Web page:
Check out this profile of Akeshia Craven, a former engineer who is now one of Chicago’s new chief area officers.
It’s either inspiring or depressing depending whether Craven is any good at her job.
I don’t know much about what Craven did before she got the CAO gig, other than participating in the Broad Residency program. Anyone have any first hand experience working with her? I am guessing it was something related to the High School Transformation effort.
The profile is below.
From Engineering to Education Reform
Broad Residency Graduate to Lead 12 Chicago High Schools
engineers design complex systems from spacecrafts to medical devices;
most people don’t expect them to tackle education reform. But one Broad
Residency alumna is putting those skills to work to improve high
schools in the third-largest school district in the nation.
After graduating from North Carolina State University’s mechanical engineering program, Akeshia Craven
had to give up her dream of becoming an astronaut due to a medical
condition which disqualified her from pursuing flight school in the Air
Force. She spent the following years working for an engineering
company, earning her MBA from the Kellogg School of Management at
Northwestern University and working for a consulting firm.
Craven Joins Chicago Public Schools and The Broad Residency
now Akeshia is applying her engineering and private sector training at
Chicago Public Schools (CPS), which educates about 408,000 students in
over 660 schools. Shortly after joining CPS, she applied and was
accepted to The Broad Residency program to “get the professional
development needed to get through the learning curve quickly and build
an amazing network,” she said.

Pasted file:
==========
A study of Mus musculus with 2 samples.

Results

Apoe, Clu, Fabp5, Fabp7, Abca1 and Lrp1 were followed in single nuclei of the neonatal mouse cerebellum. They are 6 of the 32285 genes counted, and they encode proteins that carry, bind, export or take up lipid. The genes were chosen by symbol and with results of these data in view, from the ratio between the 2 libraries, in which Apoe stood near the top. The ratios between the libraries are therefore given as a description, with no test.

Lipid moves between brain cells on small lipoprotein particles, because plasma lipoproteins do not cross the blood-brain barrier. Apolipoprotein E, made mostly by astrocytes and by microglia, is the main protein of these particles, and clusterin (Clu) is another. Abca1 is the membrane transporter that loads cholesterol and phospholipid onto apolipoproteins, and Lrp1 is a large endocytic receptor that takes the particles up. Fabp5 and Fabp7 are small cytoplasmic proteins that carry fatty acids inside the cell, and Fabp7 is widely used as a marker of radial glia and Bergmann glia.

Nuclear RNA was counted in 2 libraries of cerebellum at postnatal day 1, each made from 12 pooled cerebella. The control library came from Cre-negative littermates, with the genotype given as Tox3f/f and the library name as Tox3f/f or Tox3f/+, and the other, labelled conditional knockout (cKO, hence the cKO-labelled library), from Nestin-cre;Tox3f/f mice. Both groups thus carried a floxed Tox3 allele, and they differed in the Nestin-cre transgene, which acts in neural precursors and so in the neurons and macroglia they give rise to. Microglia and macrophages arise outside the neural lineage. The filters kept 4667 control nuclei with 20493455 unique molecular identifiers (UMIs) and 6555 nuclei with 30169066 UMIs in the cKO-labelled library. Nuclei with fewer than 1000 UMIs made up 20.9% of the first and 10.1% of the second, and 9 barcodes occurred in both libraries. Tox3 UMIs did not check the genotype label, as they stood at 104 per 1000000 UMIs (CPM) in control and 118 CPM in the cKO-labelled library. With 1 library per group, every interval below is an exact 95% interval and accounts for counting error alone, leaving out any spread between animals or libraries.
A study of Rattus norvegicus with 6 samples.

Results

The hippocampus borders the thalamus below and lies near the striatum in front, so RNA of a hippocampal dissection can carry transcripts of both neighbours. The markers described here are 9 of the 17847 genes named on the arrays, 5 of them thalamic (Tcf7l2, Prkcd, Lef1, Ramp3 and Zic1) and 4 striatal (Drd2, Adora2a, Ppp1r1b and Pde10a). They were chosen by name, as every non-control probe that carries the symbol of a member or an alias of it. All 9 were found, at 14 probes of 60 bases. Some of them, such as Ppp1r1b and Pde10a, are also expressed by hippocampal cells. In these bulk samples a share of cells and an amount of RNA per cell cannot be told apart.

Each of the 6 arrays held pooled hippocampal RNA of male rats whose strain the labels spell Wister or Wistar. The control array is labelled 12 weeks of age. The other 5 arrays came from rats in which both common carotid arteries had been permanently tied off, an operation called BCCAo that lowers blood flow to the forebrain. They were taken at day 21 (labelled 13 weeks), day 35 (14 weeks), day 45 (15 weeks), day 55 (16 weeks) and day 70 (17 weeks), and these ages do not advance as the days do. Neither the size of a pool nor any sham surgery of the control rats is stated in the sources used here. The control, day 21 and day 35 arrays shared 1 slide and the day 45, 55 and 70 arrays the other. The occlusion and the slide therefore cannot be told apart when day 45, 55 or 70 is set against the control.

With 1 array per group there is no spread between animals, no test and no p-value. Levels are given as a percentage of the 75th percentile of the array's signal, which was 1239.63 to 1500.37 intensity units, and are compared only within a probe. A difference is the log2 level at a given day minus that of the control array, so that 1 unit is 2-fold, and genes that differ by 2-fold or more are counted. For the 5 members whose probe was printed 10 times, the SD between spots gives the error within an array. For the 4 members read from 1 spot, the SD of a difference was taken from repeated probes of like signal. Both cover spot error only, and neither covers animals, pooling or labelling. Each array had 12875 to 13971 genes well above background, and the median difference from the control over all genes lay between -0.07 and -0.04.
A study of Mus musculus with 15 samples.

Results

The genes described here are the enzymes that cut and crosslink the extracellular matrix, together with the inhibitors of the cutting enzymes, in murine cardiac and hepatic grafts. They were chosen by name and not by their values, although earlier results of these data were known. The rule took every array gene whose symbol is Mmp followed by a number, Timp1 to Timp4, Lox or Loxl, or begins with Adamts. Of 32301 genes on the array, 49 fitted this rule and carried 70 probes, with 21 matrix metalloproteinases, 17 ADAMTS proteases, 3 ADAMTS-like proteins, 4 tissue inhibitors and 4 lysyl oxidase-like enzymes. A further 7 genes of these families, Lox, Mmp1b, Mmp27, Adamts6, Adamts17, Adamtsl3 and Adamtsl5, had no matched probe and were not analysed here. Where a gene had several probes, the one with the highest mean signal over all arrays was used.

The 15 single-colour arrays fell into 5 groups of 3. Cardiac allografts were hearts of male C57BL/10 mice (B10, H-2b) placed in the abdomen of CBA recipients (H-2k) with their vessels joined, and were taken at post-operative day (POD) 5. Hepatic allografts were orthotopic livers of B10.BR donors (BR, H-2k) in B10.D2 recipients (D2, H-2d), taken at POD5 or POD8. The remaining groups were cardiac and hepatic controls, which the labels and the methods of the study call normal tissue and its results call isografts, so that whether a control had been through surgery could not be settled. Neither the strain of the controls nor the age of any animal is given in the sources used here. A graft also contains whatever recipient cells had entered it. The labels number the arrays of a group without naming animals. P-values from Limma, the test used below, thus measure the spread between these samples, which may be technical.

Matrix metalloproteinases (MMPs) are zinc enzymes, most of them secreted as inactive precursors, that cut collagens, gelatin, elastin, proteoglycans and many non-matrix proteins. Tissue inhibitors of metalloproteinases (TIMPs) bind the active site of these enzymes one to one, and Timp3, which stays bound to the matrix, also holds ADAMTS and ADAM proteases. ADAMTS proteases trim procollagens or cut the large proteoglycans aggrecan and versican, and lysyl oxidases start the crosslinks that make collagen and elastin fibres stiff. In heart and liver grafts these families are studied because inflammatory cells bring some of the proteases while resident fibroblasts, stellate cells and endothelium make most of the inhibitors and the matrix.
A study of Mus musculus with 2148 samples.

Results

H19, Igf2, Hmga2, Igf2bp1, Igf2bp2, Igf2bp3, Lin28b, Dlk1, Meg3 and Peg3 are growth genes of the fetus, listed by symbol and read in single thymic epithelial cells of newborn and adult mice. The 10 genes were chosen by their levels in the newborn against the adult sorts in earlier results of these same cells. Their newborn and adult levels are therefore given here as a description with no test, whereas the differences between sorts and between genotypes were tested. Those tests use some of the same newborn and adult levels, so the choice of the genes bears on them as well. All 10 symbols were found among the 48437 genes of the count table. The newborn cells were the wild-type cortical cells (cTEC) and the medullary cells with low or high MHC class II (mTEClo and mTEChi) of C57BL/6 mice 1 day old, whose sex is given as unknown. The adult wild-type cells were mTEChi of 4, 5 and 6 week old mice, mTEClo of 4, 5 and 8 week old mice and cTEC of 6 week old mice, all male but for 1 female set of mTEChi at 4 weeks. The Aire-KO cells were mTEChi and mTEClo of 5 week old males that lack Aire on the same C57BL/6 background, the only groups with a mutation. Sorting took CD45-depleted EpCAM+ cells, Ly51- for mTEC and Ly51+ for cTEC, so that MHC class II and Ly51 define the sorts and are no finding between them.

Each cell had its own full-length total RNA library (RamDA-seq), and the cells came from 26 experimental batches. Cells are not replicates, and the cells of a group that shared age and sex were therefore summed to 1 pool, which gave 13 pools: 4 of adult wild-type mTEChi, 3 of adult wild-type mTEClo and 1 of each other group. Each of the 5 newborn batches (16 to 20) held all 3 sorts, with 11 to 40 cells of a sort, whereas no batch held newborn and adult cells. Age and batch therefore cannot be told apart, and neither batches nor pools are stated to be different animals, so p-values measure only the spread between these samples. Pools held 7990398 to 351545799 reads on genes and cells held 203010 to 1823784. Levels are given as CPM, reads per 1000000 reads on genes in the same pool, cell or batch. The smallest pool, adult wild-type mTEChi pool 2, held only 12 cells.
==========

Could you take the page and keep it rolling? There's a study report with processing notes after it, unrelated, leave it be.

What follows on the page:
Now one of the school district’s newest chief area officers, Akeshia
is responsible for managing principals in more than 12 high schools
with thousands of students. Although she didn’t follow the traditional
educator path, she brings extensive knowledge and experience in
academic and instructional issues as the former senior project manager
for CPS’ instructional leadership council.
Using Data Analysis to Improve Academic Performance
work I’m doing now… the approach to problem solving and analytical
way of thinking is possible because of my strong background in math and
science,” Akeshia said. “Data drives all of our decisions and helps us
improve academic performance. Analytical skills definitely come into
play. I feel like I was called to the work I’m doing now.”
of Akeshia’s goal is to help principals “maintain the momentum” and
“build on wins” from CPS’ Freshmen On-Track metric, which helps
identify at-risk freshmen early enough to intervene with personalized
improvement plans and improve academic performance.
“Principals are very capable and motivated to help teachers educate
students,” Akeshia said. “But there are lots of distracters, with so
many things that happen at schools day to day. The challenge is to
manage the issues while staying focused on academic performance.”
Akeshia plans to spend a significant amount of time in schools to
work with principals in determining their schools’ strengths and
weaknesses, based in large part on student data. She will coach
principals on ways to form, motivate and manage effective school
leadership teams and help them access resources and support needed from
the central office. Despite the long days, she enjoys helping school
leaders develop and immediately put into action strategies to improve
“Instruction is mission critical for students. It’s the most exciting
work in the school district, with the most immediate and impactful
outcome for students,” Akeshia said.
Supporting Principals to Ensure Student Success
principal tenure ranging from a couple of years to a couple of decades,
the level and type of training and experience of these leaders varies
from school to school. Akeshia is helping assure all principals — CEOs
of their high schools — understand the district-wide vision and focus
on quality instruction, set appropriate academic goals and benchmark
indicators, and manage other important school issues affecting
students’ education. From hiring and supervising dozens of employees to
maintaining regular communications with parents, she provides guidance
for principals on a long series of issues that can ultimately help or
hurt the bottom line — academic performance.
In a school district with about 85 percent of students coming from
low-income households, “Education provides options and the opportunity
to escape cycles of poverty. It raises the bar for what is possible,”
she added. “What our teachers do in the classroom every day will
provide students access to better futures. That’s why I’m here.”